Postiglione-Dupell said the new indoor arena will cost $140,000. She already had it designed and is just waiting to raise enough money to begin construction. So far, she has saved $12,000 from fees at Medicine Horse and has put the money in a capital building fund.
The new facility will be temperature controlled, which would make it easier for some with disabilities to have therapy sessions, Postiglione-Dupell said.
“For our medically fragile folks, temperature affects their medical condition,” she said.
Another waiting area and bathroom would also be featured in the new building.
“Everything goes back into this,” Postiglione-Dupell said of the farm.
For the farm’s gardening program, everything is organic, “right down to the mulch, the compost,” which comes from the farm’s five horses, Postiglione-Dupell said.
Participants in this year’s program planted their own Three Sisters garden with pumpkins, peas and corn, a kind of Native American companion-planting technique using mounds.
The idea is that the three crops take care of each other just as the gardener takes care of them, Postiglione-Dupell said.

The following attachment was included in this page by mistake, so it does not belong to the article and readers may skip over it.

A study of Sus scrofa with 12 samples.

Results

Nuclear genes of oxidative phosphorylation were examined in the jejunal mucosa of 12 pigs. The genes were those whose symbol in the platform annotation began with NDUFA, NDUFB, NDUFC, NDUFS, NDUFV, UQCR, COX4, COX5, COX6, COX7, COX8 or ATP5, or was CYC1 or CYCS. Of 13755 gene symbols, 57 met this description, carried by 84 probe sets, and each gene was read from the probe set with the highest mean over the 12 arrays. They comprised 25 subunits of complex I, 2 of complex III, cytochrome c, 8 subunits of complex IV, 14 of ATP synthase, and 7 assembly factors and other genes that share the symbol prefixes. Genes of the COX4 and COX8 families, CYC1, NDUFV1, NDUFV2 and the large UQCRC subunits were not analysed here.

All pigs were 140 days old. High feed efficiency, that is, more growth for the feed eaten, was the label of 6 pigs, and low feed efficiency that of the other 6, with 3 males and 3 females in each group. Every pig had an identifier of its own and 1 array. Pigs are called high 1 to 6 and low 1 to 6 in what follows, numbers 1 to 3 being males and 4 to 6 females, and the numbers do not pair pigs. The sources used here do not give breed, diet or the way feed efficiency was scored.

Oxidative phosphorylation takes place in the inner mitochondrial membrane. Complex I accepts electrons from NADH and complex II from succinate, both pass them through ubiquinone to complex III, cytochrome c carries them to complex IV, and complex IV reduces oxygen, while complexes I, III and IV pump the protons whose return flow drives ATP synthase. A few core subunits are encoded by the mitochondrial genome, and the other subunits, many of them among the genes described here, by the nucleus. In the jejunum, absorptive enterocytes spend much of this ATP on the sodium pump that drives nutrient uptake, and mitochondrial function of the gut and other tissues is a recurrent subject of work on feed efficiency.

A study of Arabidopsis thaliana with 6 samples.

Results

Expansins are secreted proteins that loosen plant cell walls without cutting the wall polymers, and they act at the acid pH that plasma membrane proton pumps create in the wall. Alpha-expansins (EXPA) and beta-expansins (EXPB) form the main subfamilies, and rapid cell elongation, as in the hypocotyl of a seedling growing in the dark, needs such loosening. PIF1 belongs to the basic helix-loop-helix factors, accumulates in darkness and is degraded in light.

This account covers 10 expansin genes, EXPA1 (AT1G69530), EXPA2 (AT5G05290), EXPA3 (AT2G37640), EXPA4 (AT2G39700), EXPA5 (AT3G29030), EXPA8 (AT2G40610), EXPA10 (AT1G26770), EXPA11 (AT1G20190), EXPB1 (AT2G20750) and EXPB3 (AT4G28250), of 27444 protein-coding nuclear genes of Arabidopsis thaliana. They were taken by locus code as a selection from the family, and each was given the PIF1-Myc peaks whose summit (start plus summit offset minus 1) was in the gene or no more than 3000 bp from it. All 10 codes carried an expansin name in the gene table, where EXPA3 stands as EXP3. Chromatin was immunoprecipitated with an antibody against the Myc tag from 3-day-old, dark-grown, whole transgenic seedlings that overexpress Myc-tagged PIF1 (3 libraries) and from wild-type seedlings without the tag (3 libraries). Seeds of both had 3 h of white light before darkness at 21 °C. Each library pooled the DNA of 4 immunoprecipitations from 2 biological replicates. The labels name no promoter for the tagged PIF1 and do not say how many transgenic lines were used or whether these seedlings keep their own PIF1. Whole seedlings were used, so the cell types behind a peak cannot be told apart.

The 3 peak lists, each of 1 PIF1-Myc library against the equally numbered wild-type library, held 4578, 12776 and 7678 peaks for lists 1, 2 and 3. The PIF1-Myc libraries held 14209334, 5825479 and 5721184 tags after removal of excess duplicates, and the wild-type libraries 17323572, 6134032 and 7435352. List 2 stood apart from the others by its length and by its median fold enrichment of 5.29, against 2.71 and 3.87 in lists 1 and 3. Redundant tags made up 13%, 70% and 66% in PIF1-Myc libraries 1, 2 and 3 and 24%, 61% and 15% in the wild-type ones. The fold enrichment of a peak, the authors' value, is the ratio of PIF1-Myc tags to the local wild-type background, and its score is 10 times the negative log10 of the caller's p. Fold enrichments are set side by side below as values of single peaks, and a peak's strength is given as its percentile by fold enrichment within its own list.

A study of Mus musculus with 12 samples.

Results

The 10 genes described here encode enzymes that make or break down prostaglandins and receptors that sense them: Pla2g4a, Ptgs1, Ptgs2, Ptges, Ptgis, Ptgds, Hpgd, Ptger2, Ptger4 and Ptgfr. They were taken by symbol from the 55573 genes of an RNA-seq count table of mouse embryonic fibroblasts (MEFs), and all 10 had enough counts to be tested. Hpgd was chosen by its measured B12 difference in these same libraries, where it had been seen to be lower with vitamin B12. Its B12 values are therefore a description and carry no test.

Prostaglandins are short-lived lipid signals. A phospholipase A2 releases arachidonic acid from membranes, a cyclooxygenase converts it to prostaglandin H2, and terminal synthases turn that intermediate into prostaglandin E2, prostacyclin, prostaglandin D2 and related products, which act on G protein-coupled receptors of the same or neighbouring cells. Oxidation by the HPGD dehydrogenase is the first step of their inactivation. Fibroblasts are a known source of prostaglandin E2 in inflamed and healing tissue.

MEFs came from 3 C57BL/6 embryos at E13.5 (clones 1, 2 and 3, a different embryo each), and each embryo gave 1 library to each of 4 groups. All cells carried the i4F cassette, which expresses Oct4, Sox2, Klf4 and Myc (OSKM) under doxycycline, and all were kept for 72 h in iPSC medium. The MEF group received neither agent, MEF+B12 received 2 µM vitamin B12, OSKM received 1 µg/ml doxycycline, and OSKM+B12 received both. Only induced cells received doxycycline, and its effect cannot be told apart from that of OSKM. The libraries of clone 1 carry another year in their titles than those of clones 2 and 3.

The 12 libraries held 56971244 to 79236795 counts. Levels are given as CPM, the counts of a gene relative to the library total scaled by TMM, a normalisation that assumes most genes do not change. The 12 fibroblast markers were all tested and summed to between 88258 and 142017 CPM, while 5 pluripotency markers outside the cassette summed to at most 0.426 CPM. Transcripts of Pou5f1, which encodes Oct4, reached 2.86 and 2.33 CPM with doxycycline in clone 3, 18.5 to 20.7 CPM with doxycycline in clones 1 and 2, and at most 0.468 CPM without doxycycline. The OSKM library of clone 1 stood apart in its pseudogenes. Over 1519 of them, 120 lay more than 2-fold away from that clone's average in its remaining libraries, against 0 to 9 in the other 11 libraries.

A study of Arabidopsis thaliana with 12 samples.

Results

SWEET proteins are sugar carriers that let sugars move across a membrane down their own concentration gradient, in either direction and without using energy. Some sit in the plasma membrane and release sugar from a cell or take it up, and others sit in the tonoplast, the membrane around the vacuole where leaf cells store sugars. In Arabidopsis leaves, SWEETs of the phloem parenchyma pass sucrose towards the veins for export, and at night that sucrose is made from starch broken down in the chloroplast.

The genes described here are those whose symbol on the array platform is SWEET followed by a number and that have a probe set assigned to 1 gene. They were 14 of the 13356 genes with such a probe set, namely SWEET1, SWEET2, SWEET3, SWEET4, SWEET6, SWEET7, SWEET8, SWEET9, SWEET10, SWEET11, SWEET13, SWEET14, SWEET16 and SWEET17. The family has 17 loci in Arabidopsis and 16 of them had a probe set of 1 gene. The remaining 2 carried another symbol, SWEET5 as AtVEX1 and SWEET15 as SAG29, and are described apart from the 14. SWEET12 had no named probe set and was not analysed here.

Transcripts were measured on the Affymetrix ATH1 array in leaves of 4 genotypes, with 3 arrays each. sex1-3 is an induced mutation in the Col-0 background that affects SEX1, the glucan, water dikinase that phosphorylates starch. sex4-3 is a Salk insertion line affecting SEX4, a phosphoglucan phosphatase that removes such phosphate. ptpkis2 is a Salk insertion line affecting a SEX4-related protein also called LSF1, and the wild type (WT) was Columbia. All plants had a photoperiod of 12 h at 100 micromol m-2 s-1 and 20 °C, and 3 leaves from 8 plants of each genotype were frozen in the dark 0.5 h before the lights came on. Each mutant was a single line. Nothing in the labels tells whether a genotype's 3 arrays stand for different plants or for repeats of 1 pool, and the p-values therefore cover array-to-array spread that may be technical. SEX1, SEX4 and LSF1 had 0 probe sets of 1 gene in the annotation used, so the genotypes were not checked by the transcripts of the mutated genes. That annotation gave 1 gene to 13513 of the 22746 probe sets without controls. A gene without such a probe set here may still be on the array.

Participants were fully involved in the planting, tending and harvesting the crops from their garden. Broom corn was made into brooms that the participants will give away as Thanksgiving gifts. They also grew popping corn, sugar pumpkins for cooking and knucklehead pumpkins for carving.
“They’re present in the task,” she said of the participants. Garden therapy involves sensory stimulation, which helps keep them alert and focused, she said.
Many of Postiglione-Dupell’s participants have varying forms of autism and benefit from hands-on learning, along with working and learning from nature. Others who benefit from the therapy have such disabilities as cerebral palsy, attention deficit disorder, Down syndrome, mental retardation, muscular dystrophy, paralysis, stroke, traumatic brain injury and substance abuse issues.